Goodbye Google: Is it possible to live online without Google?


Google is by far the biggest search engine, provides the Android operating system used by over 90% of smartphones, is the largest provider of cloud-based email (through Gmail), is a major player in cloud hosting, and is dominant in mapping technology.

I’ve long since discovered I can happily live without Facebook after I deleted it (and its Messenger app) off my iPhone two years ago. I haven’t missed anything.

I’ve tried to move away from WhatsApp but have discovered that most people rely on this hugely popular messaging app, and they are willing to trade whatever privacy concerns for the convenience it offers.

But, as another privacy problem emerged from Google (it emailed videos to strangers in a glitch last November), it coincided with my efforts to try live without Google. Late last year, I began using another search engine – the privacy orientated DuckDuckGo – instead of Google. I set that as my default in my browsers and substituted the Google app itself for that from DuckDuckGo.

I can say that I haven’t been short-changed at all. Apart from a different look-and-feel, there is little to differentiate the search services I’ve found. I still prefer some of the ways Google indexes news and photos, while its unified search page that shows a few items from each category is very useful. But I haven’t felt disadvantaged at all.

The hardest services to get unhooked from are Gmail, the excellent Maps and the thoroughly useful Photos. Like hundreds of millions of people, I host my email with Gmail and can’t fault it for usability and functionality.

Of all the mapping services, I have always preferred Google Maps because it’s used by so many people it has the network effect on its side: The more people who use it, the better the service is.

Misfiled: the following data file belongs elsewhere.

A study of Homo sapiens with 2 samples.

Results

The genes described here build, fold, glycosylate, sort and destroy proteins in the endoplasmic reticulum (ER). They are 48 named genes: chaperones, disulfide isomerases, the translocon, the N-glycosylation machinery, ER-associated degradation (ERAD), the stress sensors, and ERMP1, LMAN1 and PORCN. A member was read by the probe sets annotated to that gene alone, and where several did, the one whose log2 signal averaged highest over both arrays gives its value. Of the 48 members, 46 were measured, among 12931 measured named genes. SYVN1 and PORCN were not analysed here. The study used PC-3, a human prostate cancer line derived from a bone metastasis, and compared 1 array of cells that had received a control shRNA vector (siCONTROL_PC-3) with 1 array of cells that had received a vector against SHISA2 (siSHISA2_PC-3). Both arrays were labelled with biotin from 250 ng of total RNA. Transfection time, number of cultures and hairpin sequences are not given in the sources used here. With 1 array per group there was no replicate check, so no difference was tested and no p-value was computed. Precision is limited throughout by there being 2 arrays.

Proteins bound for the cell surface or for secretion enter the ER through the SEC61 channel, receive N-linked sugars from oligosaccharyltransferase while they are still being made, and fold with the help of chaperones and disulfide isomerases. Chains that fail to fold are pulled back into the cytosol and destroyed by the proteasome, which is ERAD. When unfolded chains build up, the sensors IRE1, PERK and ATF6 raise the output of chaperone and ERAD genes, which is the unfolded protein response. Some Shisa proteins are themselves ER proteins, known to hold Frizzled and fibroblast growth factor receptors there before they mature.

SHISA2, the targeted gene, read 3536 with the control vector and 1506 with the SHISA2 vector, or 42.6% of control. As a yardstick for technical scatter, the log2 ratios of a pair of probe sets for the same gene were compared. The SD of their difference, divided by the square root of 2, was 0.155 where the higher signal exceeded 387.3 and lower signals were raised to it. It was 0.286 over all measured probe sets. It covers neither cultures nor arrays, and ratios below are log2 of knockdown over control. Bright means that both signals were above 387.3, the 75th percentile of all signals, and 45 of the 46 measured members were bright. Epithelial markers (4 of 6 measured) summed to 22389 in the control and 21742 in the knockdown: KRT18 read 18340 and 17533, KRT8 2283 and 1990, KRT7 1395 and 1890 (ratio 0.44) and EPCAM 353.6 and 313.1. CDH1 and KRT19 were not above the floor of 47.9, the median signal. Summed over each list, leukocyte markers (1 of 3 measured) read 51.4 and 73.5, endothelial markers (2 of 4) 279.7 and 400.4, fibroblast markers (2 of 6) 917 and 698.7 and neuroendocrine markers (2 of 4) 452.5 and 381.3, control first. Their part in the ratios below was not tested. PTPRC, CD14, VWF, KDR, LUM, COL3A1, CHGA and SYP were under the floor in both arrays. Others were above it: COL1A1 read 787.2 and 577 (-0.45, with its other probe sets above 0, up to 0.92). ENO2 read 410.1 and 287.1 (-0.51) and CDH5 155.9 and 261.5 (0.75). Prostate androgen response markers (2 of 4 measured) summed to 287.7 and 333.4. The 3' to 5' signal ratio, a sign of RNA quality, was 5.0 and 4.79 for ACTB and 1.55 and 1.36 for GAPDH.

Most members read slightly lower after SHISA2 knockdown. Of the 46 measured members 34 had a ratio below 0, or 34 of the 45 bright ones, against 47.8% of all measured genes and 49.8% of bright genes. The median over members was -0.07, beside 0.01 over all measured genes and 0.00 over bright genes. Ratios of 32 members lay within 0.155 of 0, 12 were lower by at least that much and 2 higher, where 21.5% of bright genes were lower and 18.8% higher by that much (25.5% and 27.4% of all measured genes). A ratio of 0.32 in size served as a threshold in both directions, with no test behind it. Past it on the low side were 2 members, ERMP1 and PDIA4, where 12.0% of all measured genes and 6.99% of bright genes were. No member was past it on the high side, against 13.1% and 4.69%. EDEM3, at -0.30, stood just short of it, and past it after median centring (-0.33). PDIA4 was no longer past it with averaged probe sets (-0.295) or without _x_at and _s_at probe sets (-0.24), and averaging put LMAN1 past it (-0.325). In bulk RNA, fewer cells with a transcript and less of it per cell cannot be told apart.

Except, if you’re Berlin-based artist Simon Weckert, who proved you can spoof a traffic jam by toying 99 smartphones around in a little red trolley.

What I particularly like about Maps is that you can save an offline version, which is particularly useful while travelling overseas because it doesn’t use any data. I’ve redownloaded Apple Maps and am trying that again.

Meanwhile, every geek agrees that Google Photos is the best service for archiving and organising your pictures. I recommend it to everyone who owns a smartphone because it’s so good – especially if your phone is lost or stolen.

The problem with Maps and Photos is they want access to your location all the time. Why do they need it? If you follow Google’s argument, they make it easier to plot your travels and identify where your photos were taken. My default setting for location-based requests from apps is “only while using app” because local info is relevant for some apps (Uber, maps, weather).

Gmail is unfortunately irreplaceable. I don’t know any other cloud-based email service that is as good.

I’ll let you know in a few months if it’s possible to live without Google, or how little of its services are the bare minimum.

This column first appeared in Financial Mail


Toby Shapshak is editor-in-chief and publisher of Stuff, a Forbes contributor and a Financial Mail columnist. He has been writing about technology and the internet for 20 years and his TED Global talk on innovation in Africa has over 1,5-million views. He has written about Africa's tech and start-up ecosystem for Forbes, CNN and The Guardian in London. He was named in GQ's top 30 men in media and the Mail & Guardian newspaper's influential young South Africans. He has been featured in the New York Times. GQ said he "has become the most high-profile technology journalist in the country" while the M&G wrote: "Toby Shapshak is all things tech... he reigns supreme as the major talking head for everything and anything tech."